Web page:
There lies no doubt that racism is ripping our country apart at the seams. Systemic in its nature, oppressive at its root, racism has unfortunately been built into the very fabric of our nation. It was the unsightly stain of racism that shaped our highways and roads. It was the nasty legacy of redlining that literally heated the pavement and polluted the air in urban environments nationwide.
Classrooms were weaponized against people of color. Western education was used as a model to perpetuate colonialist myths while wiping out entire cultures. In many cases, schools served as a source of assimilation or deprivation. While Native American tribes were being forced into boarding schools to unlearn their traditional ways, African American people were being pushed out of the education system entirely and forced into a state of illiteracy.
From all of this, there emerged an oppressive force of foot soldiers tasked with carrying out hate crimes against whole communities. Today, we know this force as the United States police force. The system accompanying this force is the US for-profit prison system.
Jill Lepore of the New Yorker explains how slave patrolling and Jim Crowe worked to create our modern system, which, to this day, wreaks of inequality, often functioning in tandem with other systems that perpetuate racism such as low-income housing.
Many will argue that racism within the police force and across the housing system is a thing of the past. However, new data emerging from Florida shows that modern examples exist in abundance. Police brutality holding hands with racism is so commonplace that major media news outlets have no choice but to cover the startling events when they lead to bloody, violent ends. However, when it comes to racism-related to housing and homelessness, much of that information goes underreported.
Enter Crime-Free Multi Housing, a police-backed initiative reported by the Tampa Bay Times as being a type of information-sharing collective that exists between law enforcement and landlords. That collective has led to the blacklisting of approximately 1,100 tenants, 90% of whom share an African American/black racial identity.
This program was incited in 2013 and marketed to landlords as a way of keeping crime down (and profits up) in low-income neighborhoods. Under this initiative, police would send letters to landlords informing them of any “misbehavior” on their tenant’s behalf and encouraging landlords to evict tenants that local legal authorities identified as having been arrested. Even if the charges were for minor offenses and even if they were eventually dropped, these tenants still stood the risk of losing their homes. In fact, hundreds of African American families were kicked out onto the streets due to this newly implemented policy.
It’s important to note that black people in America are five times more likely than white people to be arrested. The Crime-Free Multi Housing Policy does not require a conviction for a letter to be sent out to landlords. It only requires an arrest.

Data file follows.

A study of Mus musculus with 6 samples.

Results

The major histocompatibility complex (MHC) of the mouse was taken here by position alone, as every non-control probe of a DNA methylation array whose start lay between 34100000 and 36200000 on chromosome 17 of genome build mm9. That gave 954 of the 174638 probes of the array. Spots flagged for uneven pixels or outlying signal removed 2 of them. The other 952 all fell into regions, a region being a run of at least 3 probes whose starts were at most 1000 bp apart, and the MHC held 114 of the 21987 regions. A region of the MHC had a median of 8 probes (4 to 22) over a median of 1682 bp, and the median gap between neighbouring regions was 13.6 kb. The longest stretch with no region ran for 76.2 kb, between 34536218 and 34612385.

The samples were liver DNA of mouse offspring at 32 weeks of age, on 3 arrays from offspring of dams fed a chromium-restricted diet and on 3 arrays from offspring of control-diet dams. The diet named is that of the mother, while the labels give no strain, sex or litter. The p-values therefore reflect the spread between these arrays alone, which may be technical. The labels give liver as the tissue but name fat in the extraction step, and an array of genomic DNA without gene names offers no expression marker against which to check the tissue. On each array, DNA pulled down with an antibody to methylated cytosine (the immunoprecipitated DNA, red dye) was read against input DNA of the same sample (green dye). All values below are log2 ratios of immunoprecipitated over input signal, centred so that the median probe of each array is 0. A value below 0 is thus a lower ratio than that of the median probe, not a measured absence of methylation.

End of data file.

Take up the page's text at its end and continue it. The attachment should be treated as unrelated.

In effect, this is little more than a contemporary witchhunt designed to chase African Americans out of their homes and into the shadows of homelessness, hopelessness, and abject poverty. A simple accusation can rob a family of the safety and security that goes along with being housed.
While this program is specific to Tampa, it’s important for us as a nation to understand how systems intertwine to create a gridwork of racism that puts people of color at an increased risk for homelessness and the horrors that accompany that state of living. We are already aware of other systems, such as the school-to-prison pipeline and the existence of rampant police brutality. To gain a deeper understanding of homelessness, we must acknowledge that housing and policing play a significant role in the ever-increasing rates of homelessness amongst African Americans.
When questioned by reporters about the racist and oppressive nature of the Crime-Free Housing Program, former police chief turned Mayor Jane Castor, who introduced the policy, doubled down. According to her, the program creates a higher quality of life for low-income residents because it lowers crime rates in their neighborhoods.
This statement is contradicted by actual statistics, which show a 36% surge in violent crime in the Tampa Bay region. A separate study released under Sage Journals Crime & Delinquency this past August confirms that rising rates of eviction increase crime rates instead of bringing them down. To quote the study directly, author/researchers Daniel Semenza, Richard Stansfield, Jessica Grosholz, and Nathan Link summarized their findings with the following statement:
“We find that eviction is associated with all three types of crime in fully controlled models.”
In addition to increasing crime, eviction also increases homelessness, which drains communities of vital funding they need for other resources. This is a lose-lose for just about everybody, except, of course, the landlords who already enjoy the benefits of a court system that leans heavily in their favor.